The Northern Territory is rebuffing overtures from the federal government to bring back the Banned Drinkers Register (BDR).

Indigenous Affairs Minister Jenny Macklin on Tuesday was in Darwin to release guidelines for alcohol management plans in the NT.

During the visit, she told reporters: "We have called on the NT government to reinstate the Banned Drinkers Register."

The register meant anyone buying takeaway alcohol had to have identification, such as a driver's licence scanned. About 2000 problem drinkers were on a list denying them purchase of alcohol.

But the Country Liberal Party (CLP), which took office in the NT in August last year, said the BDR did not work and scrapped the measure.

NT Chief Minister Terry Mills met with Ms Macklin on Tuesday and told her the NT would not rethink introducing the BDR.

"She asked a number of times would I reconsider and the answer is no," Mr Mills said.

"It is a scheme that doesn't work," he told AAP.

Asked whether he feared the federal government would use its power to force the NT to re-introduce the BDR, Mr Mills said discussions were continuing.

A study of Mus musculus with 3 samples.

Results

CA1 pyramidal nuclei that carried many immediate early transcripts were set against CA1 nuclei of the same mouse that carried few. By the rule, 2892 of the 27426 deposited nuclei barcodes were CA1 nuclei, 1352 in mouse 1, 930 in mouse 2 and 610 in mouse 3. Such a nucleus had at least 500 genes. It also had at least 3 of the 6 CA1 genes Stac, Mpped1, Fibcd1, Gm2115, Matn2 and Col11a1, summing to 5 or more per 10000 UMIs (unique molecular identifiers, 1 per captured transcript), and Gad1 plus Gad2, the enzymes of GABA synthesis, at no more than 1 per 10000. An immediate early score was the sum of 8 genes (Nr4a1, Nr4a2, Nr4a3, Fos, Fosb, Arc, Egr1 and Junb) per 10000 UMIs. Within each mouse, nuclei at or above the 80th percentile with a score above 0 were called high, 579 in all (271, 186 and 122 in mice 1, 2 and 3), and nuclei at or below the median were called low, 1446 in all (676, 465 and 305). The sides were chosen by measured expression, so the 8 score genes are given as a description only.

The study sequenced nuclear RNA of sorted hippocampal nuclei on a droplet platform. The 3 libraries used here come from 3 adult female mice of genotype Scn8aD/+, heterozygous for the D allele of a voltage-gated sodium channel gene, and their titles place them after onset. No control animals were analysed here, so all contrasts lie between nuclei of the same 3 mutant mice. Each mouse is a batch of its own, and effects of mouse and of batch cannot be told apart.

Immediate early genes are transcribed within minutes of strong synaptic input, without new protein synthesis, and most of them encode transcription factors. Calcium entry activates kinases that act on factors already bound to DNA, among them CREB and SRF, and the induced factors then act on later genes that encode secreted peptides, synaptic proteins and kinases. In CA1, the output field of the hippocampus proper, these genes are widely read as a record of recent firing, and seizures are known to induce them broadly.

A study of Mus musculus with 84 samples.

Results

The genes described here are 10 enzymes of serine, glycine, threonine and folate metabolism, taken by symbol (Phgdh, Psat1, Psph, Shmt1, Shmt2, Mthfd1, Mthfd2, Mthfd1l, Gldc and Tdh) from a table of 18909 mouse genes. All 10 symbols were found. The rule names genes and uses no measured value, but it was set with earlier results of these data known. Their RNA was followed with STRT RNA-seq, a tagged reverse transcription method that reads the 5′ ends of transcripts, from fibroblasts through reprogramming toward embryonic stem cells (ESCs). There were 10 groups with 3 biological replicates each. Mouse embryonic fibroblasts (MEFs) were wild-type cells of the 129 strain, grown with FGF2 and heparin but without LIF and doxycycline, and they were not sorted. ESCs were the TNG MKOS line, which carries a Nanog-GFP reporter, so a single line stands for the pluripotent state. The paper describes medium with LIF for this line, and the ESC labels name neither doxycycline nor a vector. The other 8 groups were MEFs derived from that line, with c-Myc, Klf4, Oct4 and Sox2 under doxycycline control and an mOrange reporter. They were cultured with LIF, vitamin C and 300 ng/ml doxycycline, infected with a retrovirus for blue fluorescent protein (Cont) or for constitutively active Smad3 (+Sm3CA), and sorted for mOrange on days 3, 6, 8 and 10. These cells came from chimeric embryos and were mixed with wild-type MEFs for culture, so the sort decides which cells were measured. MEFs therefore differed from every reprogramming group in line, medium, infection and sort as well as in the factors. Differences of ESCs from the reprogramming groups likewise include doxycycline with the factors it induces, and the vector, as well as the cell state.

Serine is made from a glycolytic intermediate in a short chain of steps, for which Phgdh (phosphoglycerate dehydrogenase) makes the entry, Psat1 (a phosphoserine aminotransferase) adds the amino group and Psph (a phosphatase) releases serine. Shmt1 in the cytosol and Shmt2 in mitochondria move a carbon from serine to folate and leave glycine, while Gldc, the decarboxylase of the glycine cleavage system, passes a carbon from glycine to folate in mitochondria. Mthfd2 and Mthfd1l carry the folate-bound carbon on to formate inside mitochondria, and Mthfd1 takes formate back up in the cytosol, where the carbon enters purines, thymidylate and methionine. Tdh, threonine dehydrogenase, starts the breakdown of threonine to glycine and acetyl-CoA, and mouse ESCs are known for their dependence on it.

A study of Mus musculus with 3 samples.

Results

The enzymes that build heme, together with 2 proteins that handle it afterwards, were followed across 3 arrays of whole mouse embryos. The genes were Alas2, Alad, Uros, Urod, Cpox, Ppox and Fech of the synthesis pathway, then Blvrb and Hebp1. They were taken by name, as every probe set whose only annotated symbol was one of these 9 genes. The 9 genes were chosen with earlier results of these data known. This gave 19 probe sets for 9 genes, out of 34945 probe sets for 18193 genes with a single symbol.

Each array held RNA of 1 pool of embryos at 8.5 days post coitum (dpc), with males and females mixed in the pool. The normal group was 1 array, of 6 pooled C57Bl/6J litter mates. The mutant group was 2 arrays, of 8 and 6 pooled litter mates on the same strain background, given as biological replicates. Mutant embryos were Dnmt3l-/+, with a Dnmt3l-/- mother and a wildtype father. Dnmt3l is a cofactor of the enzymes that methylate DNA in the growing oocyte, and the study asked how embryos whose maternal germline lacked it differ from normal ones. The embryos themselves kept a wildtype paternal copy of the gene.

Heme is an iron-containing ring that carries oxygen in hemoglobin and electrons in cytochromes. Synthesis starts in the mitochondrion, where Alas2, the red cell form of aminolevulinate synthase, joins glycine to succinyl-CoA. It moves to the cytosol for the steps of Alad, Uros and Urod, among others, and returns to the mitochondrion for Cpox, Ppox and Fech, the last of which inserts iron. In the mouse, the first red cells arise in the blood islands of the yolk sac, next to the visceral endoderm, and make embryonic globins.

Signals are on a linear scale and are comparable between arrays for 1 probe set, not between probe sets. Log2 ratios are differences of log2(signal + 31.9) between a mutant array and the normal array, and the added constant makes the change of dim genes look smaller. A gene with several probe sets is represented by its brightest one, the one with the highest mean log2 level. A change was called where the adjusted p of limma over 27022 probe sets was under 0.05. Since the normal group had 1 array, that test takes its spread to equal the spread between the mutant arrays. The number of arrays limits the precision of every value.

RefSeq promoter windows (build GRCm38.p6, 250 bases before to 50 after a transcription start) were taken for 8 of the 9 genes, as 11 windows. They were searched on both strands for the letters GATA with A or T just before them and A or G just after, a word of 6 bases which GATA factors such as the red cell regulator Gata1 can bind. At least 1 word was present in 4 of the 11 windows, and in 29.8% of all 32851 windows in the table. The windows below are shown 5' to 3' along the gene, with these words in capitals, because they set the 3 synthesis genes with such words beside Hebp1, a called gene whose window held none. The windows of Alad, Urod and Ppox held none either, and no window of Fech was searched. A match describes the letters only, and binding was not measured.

"We want to deal with the problem but we don't believe that the BDR is an effective measure to deal with the problem," he said.

Earlier Ms Macklin met with Aboriginal groups and said they had made it clear they understood the damage alcohol was doing to their communities.

"That is why they support the development of alcohol management plans. That is why Aboriginal people support the introduction of the banned drinkers register," Ms Macklin said.

Fellow Labor MP Warren Snowdon said the days when the federal government imposed measures on the NT should be over.

"We are past the day when the Commonwealth should have to intervene in the Northern Territory," Mr Snowdon said.

Ms Macklin was asked whether some communities would be able to have alcohol restrictions lifted under the new guidelines.

"It is not about how to bring back full strength beer," she said.

"I certainly won't be agreeing to any alcohol management plans that don't reduce harm."

But a fact sheet on the new guidelines shows communities can seek to have restrictions lifted.

"Applications will be considered very carefully to make sure improvements to the safety of women, children and families in communities are not lost," the sheet states.